Archive

Archive for May, 2012

Coconut Flour – Something Different to Bake With

Coconut flour is a great gluten-free alternative flour.  I’ve been baking with coconut flour for several years, mainly because of its low-carbohydrate nature.  Plus, I’ve enjoyed the creativity others have put into developing tasty recipes.  Besides being a nice alternative to wheat flour, coconut flour has many benefits.

  • Low in carbohydrates
  • High in fiber
  • Rich in protein
  • Very filling

 Keep in mind that since coconut flour is not grain based and contains no gluten, it does not perform like wheat flour.  Because coconut flour is very absorbent, only small amounts are used.  Sifting coconut flour is a good idea because it tends to clump.  And lastly, coconut flour is dry so any recipe you see will require lots of eggs.

 I have bought coconut flour at Whole Foods but I’ve found it less expensive to order online.

Tropical Traditions – they also have hundreds of recipes using coconut flour

Wilderness Family Naturals

Bob’s Redmill

Benefit Your Life

 I’ve even made my own coconut flour.  Here’s how.

 Most of the recipes I’ve used are sweet rather than savory recipes.  I’ve made most of these recipes listed below.

 Sweet Recipes

Chocolate Cupcakes

Fudgy Brownies

Chocolate Cake & Cupcakes

Anytime cookies

Pancakes

Blueberry Muffins

Bread

Coconut Flour Bread from Nourished Kitchen

Cake with Coconut Frosting

Strawberry Muffins with Strawberry Cream Cheese Frosting

Donuts

Red, White, & Blue Cupcakes

Raspberry Chocolate Cupcakes

Spiced Pumpkin Cake

Coconut Flour Cake from Nourished Kitchen

Spiced Apple Muffins

Banana Bread

Cranberry Walnut Bread

Miscellaneous coconut flour recipes

 Savory Recipes

Bacon, Egg and Cheese Muffins

Cheesy Biscuits


As a health care practitioner, I have evolved over my career regarding my thoughts on diet.  But for the past few years, I have learned, appreciated and explored the world of traditional foods.  My nutritional mentor for this is Weston A. Price.  Organizations such as the Weston A. Price Foundation  and the Price Pottenger Nutrition Foundation have been instrumental in my education.  In the past I’ve been a junk-food vegetarian, vegan (what was I thinking?), completely fat-free and a diet Coke addict.  I’ve been recovering my health over the past few years and am feeling better than ever.  I’ve learned that the human body can do just fine without grains (wheat, oats, rice, etc) but that we also need to eat fat in our diet.  I remember the no/low fat craze of the 1990s and took that information to heart, only to end up gaining weight, dealing with depression, and having all over joint pain.

I’ve also learned that eating the way we did long ago i.e. no processed foods, vegetable oils, artificial sweeteners or food additives is  best for the human body.  I’ve included a few recipes below to get your started with ideas on food that is not only tasty but very healthy.  I’ve only included a few recipes but encourage you to explore some of the blogs and websites by some pioneering and very creative traditional food advocates.

Some of my favorites include:

Nourished Kitchen

Gnowfglins

Cheeseslave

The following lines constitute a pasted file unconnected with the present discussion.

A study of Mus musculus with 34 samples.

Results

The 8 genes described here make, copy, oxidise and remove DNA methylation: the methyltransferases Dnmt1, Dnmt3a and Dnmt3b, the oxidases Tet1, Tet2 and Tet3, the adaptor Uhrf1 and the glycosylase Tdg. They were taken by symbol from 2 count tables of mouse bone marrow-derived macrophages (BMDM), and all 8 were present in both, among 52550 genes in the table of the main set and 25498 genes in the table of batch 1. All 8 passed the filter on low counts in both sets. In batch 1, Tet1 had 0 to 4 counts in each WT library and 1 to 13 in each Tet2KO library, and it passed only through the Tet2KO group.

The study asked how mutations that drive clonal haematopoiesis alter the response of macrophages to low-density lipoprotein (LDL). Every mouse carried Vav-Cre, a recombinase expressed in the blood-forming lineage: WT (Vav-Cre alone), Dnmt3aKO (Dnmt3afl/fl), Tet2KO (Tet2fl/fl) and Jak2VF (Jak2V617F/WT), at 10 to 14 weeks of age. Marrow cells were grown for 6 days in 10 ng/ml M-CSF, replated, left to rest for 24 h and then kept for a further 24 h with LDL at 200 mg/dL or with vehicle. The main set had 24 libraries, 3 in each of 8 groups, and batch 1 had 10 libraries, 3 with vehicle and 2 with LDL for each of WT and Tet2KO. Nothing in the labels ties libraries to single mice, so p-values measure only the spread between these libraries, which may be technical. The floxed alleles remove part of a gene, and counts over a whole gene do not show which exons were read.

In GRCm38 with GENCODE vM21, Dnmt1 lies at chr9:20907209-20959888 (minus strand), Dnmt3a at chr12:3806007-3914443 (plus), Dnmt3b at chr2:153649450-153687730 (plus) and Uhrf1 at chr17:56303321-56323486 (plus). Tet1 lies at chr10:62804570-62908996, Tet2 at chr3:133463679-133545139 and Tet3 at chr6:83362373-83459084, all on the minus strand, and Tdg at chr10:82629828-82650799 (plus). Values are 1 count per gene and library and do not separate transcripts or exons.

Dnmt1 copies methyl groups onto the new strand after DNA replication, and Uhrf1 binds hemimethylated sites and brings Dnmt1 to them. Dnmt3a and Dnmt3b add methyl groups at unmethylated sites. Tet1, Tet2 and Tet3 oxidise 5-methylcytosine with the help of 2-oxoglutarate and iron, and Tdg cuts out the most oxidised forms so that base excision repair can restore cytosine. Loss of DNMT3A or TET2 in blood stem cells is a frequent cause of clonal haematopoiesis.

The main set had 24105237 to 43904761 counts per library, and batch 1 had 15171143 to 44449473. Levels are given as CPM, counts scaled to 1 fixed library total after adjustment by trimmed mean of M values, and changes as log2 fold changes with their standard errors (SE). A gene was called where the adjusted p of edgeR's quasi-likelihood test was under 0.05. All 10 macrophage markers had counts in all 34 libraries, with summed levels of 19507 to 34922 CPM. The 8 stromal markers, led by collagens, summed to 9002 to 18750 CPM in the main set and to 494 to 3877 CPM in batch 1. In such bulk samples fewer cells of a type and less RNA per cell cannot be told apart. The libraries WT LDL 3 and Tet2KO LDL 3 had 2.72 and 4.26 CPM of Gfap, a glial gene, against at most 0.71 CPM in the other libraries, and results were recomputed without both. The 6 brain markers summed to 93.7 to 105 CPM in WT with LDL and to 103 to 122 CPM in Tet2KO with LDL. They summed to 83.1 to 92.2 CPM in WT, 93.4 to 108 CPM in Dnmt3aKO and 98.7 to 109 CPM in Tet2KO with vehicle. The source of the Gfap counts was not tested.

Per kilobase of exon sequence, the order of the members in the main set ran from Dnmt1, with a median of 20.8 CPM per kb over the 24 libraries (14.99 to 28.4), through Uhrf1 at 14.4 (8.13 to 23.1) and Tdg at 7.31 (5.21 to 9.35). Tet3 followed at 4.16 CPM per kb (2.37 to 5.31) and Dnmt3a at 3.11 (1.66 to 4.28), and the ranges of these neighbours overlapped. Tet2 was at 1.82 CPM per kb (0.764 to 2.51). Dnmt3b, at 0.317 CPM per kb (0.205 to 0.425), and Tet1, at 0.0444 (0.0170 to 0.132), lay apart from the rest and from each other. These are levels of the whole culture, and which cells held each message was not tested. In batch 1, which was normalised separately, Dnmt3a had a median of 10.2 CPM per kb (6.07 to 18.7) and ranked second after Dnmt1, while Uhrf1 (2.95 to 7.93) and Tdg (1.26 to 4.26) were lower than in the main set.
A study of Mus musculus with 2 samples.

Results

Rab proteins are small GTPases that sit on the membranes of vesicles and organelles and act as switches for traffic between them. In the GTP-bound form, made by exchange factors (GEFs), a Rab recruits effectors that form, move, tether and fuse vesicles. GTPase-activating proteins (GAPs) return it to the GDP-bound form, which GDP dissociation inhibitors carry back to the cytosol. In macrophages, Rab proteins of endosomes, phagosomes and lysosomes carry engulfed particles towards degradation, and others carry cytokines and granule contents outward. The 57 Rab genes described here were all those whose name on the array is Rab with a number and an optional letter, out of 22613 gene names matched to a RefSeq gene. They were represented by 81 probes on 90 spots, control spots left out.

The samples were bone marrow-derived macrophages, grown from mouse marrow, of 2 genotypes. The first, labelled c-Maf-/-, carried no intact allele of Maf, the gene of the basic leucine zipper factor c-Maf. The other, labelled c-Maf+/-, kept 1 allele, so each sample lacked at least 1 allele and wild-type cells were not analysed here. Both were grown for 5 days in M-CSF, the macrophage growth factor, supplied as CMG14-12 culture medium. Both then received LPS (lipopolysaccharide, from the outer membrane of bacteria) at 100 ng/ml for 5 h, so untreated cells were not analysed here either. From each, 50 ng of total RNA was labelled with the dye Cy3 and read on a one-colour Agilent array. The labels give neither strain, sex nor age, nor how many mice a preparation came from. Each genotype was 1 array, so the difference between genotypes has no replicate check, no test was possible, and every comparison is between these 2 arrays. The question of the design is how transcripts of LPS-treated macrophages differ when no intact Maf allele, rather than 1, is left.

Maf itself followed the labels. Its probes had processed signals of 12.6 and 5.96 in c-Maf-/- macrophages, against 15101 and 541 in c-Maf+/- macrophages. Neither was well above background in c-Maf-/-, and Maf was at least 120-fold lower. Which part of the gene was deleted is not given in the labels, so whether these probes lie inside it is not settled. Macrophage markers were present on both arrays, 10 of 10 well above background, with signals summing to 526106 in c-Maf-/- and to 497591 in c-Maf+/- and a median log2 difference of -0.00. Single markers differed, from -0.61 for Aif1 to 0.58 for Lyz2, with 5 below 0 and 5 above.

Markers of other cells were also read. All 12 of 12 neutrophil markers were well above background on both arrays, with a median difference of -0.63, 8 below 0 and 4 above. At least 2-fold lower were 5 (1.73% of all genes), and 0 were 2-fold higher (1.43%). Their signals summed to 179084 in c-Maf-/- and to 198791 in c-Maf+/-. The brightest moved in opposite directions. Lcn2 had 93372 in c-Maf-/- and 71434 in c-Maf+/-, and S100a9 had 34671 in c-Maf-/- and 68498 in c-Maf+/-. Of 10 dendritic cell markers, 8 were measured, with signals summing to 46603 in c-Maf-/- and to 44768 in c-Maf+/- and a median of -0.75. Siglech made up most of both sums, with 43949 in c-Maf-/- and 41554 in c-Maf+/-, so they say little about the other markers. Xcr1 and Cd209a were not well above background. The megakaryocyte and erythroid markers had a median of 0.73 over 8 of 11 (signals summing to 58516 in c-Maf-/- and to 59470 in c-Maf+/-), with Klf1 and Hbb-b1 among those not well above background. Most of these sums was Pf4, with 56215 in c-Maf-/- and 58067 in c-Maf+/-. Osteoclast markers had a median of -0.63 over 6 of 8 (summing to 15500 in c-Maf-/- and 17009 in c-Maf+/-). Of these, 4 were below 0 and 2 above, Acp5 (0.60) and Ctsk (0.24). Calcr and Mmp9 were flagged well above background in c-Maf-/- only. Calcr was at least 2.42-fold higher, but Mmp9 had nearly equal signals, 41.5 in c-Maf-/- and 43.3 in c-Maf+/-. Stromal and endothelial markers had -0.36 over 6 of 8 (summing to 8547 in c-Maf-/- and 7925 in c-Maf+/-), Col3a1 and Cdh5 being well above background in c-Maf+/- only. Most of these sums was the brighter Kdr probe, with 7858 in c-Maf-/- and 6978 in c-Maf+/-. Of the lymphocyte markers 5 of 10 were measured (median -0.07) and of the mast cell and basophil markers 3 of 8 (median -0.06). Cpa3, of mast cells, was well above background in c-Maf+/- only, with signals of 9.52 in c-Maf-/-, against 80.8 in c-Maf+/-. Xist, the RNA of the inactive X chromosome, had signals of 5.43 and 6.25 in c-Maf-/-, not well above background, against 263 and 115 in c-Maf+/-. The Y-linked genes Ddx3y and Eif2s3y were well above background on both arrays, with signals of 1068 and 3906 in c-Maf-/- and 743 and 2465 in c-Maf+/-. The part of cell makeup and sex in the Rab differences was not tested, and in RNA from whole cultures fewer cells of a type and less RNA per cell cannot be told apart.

Kelly the Kitchen Kop

Cooking Traditional Foods

I’ve not tested all the recipes listed below but I’ve used recipes from the websites.  One caveat is that if a recipe calls for low-fat cheese or sour cream, I recommend using whole fat instead.  Organic is always better and raw is even better than that!

Chicken

Roast Chicken

Chicken Mole Wings

Slow Cooker Chicken Soup

White Bean and Chicken Chili

Bacon, Chicken and Green Beans

Slow Cooker Chicken Tagine WithChickpeas And Root Vegetables

Homemade Chicken Nuggets

Curried Honey Mustard Chicken

Chicken and Rice

Chicken Salad

Baked Lemon Chicken

Beef

Summer Garden Beef Soup

Meatballs

Greek Meatballs

Sweet and Sour Meatloaf

Cottage Pie with Mashed Yams

Texas Chili

Beef Pho

Hamburger Helper Alternatives

Mexican Lasagna

Mediterranean Beef Stew with Rosemary

Stuffed Zucchini with Beef, Rice, Pepper and Basil

Marinated Beef Kabobs

Cuban Flank Steak

Pork

Slow Cooker Garlic Pork Roast

Crockpot Pork and Beans

Arugula, Bacon, & Cheddar Quiche (gluten free option available)

Pork with Paprika & Mushrooms

Pork Chops with Balsamic Glaze

Fish

Teriyaki Salmon

Baked Fish Sticks

Fish Tacos

Fried Fish

Spice Rubbed and Roasted Fish

Grilled Fish

Herb Encrusted Grilled Salmon

Vegetarian

Lentil Sloppy Joes

Rosemary Lentil Soup

http://ppnf.org/

Nourishing, Tasty Salads

Salads can be so much more than the iceberg lettuce with thousand island dressing salads that I grew up with.  The websites listed below epitomize salad creativity.  To me, the most interesting salads contain a combination of vegetables, lettuces, meats, grains, or cheeses.  The possibilities are endless.  One caveat is that I always recommend making your own salad dressings.  Commercial salad dressings are problematic because so many of them contain highly processed and/or rancid oils in addition to a variety of forms of MSG.  A great introductory video on the “health” of salad dressings plus a tutorial on how to make your own, visit the Weston A Price Foundation website.  I encourage you to be creative with your salads but if you are intimated on where to start, check out the following websites for an abundance of ideas. 

Kayln’s Kitchen is a vast resource for salad ideas.  She has dozens of recipes for salads with vegetables, fruit, meat, grains, cheese, etc.  I’ve tried many of her recipes and they were all so tasty!

The Nourishing Gourmet has less traditional salads.

For the Foodie, Nourished Kitchen offers more gourmet salad options

Gnowfglins offers a variety of salads, including many gluten-free grain salads.